Australian Institute of Health and Welfare (2022) New South Wales: ARF and RHD facts, AIHW, Australian Government, accessed 26 September 2022.
Australian Institute of Health and Welfare. (2022). New South Wales: ARF and RHD facts. Retrieved from https://www.aihw.gov.au/reports/indigenous-australians/nsw-arf-rhd
New South Wales: ARF and RHD facts. Australian Institute of Health and Welfare, 17 August 2022, https://www.aihw.gov.au/reports/indigenous-australians/nsw-arf-rhd
Australian Institute of Health and Welfare. New South Wales: ARF and RHD facts [Internet]. Canberra: Australian Institute of Health and Welfare, 2022 [cited 2022 Sep. 26]. Available from: https://www.aihw.gov.au/reports/indigenous-australians/nsw-arf-rhd
Australian Institute of Health and Welfare (AIHW) 2022, New South Wales: ARF and RHD facts, viewed 26 September 2022, https://www.aihw.gov.au/reports/indigenous-australians/nsw-arf-rhd
Rheumatic heart disease
In New South Wales, acute rheumatic fever (ARF) and rheumatic heart disease (RHD) are not common but are important public health issues as they cause serious illness and are preventable diseases. ARF and RHD disproportionately affect Aboriginal and Torres Strait Islander people, migrant communities, certain ethnic groups such as Māori or Pacific Islander people, and mainly impact children and young adults in NSW (NSW Health, 2018).
Although an RHD control program and register operates in New South Wales, this program is not currently covered under the Rheumatic Fever Strategy. The NSW register was established by the NSW Government in 2016, with ARF and RHD becoming notifiable in NSW in 2015. In NSW, RHD is notifiable only in persons aged under 35. This age group was targeted for prevention of worsening cardiac disease with secondary prophylaxis. As such, NSW data for RHD are not representative of the true burden of RHD in NSW (NSW RHD Program, unpublished).
For New South Wales, patients prescribed or administered secondary prophylaxis are only on the register if they have consented to being included.
At 31 December 2020, there were 163 people living with a diagnosis of ARF and/or RHD in New South Wales, representing 1.8% of the total 9,158 people recorded across all 5 jurisdictional registers. Of these 163 people in New South Wales, 65 people (40%) had only ARF recorded on the register, 64 people (39%) had only RHD recorded and 34 people (21%) had both ARF and RHD recorded (Supplementary Overview Table 1).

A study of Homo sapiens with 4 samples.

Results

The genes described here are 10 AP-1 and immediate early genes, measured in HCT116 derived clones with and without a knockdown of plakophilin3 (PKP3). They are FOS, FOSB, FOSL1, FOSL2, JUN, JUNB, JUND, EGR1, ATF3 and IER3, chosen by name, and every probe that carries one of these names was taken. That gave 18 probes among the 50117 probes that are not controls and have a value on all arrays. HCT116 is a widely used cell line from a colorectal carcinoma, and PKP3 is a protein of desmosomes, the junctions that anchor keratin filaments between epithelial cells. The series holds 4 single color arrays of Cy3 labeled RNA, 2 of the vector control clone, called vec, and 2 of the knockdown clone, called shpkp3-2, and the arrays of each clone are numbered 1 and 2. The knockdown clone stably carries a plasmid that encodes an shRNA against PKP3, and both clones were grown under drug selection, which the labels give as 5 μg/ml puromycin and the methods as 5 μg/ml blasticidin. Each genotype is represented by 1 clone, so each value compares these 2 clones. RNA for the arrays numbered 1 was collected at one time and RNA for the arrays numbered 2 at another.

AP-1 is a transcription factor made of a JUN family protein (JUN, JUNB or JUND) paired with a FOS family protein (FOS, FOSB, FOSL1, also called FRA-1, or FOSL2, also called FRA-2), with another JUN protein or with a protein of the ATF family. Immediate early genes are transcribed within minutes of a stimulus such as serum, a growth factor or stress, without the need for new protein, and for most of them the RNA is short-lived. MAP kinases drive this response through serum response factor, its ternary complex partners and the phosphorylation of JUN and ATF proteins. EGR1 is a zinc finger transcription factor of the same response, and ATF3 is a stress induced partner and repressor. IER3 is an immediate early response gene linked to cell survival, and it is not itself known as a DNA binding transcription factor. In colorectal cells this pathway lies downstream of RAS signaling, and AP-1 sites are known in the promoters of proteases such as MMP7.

Unlike the other states and territories, New South Wales does not capture regional data and should be considered as a whole.
In 2016–2020 in New South Wales:
Figure 3.1: ARF notifications among all Australians in New South Wales, by year, 2016–2020. There were no clear annual trend.
Figure 3.2: ARF notifications among all Australians in New South Wales, by sex and age group, 2016–2020. The highest rate is among those 5-14 years old among both sexes. Among those 15 and over, males have a higher rate than females.
Figure 3.3: ARF notifications among Indigenous Australians in New South Wales, by year, 2016–2020. There was no clear annual trend.
Figure 3.4: ARF notifications among Indigenous Australians in New South Wales, by sex or age, 2016–2020. Children had a higher rate of ARF infections than adults. Males and females had equal rates.
In New South Wales, only RHD diagnoses in people under 35 are notifiable.
At 31 December 2020, 98 people living with RHD were recorded on the New South Wales register (Supplementary RHD Table 1).
Figure 4.1: New RHD diagnoses, all Australians in New South Wales, by year, 2016–2020. There was no clear annual trend.
Figure 4.2: New RHD diagnoses, Indigenous Australians in New South Wales, by sex or age, 2016–2020. Adults had 1.5 times the rate of new RHD diagnoses than children. Males had 1.5 times the rate of new RHD diagnoses than females.
RHD occurs only in someone who has had ARF, but some people with RHD have no recorded previous ARF episode on state and territory registers. ARF might not be notified to a register for various reasons, such as being diagnosed before the relevant register began; being diagnosed prior to the condition being notifiable; the person being in a jurisdiction that does not have a register; or the episode never being diagnosed.
Among Indigenous Australians in New South Wales with a new RHD diagnosis in 2016–2020, 13 (87%) did not have a previous ARF episode recorded on the registers, noting that any ARF diagnoses prior to 2015 are not included on the register. There were too few cases to identify patterns with sex, age, or year (Supplementary RHD Table 5).
In 2016–2020 in New South Wales, 12 people underwent 16 RHD surgical events. Due to small numbers, further analysis by Indigenous status could not be published (Supplementary RHD Table 6).
In 2020, 30 Indigenous Australians were prescribed a treatment regimen to prevent recurrences of ARF, and progression to RHD, involving regular intramuscular injections of BPG every 21 or 28 days and consented to inclusion on the register (Supplementary Secondary Prophylaxis Table 1). 30% (9 people) received at least 1 dose recorded in the register (Supplementary Secondary Prophylaxis Table 2).
In 2020, among 30 Indigenous Australians who were prescribed BPG, there were fewer than 5 reported ARF recurrences.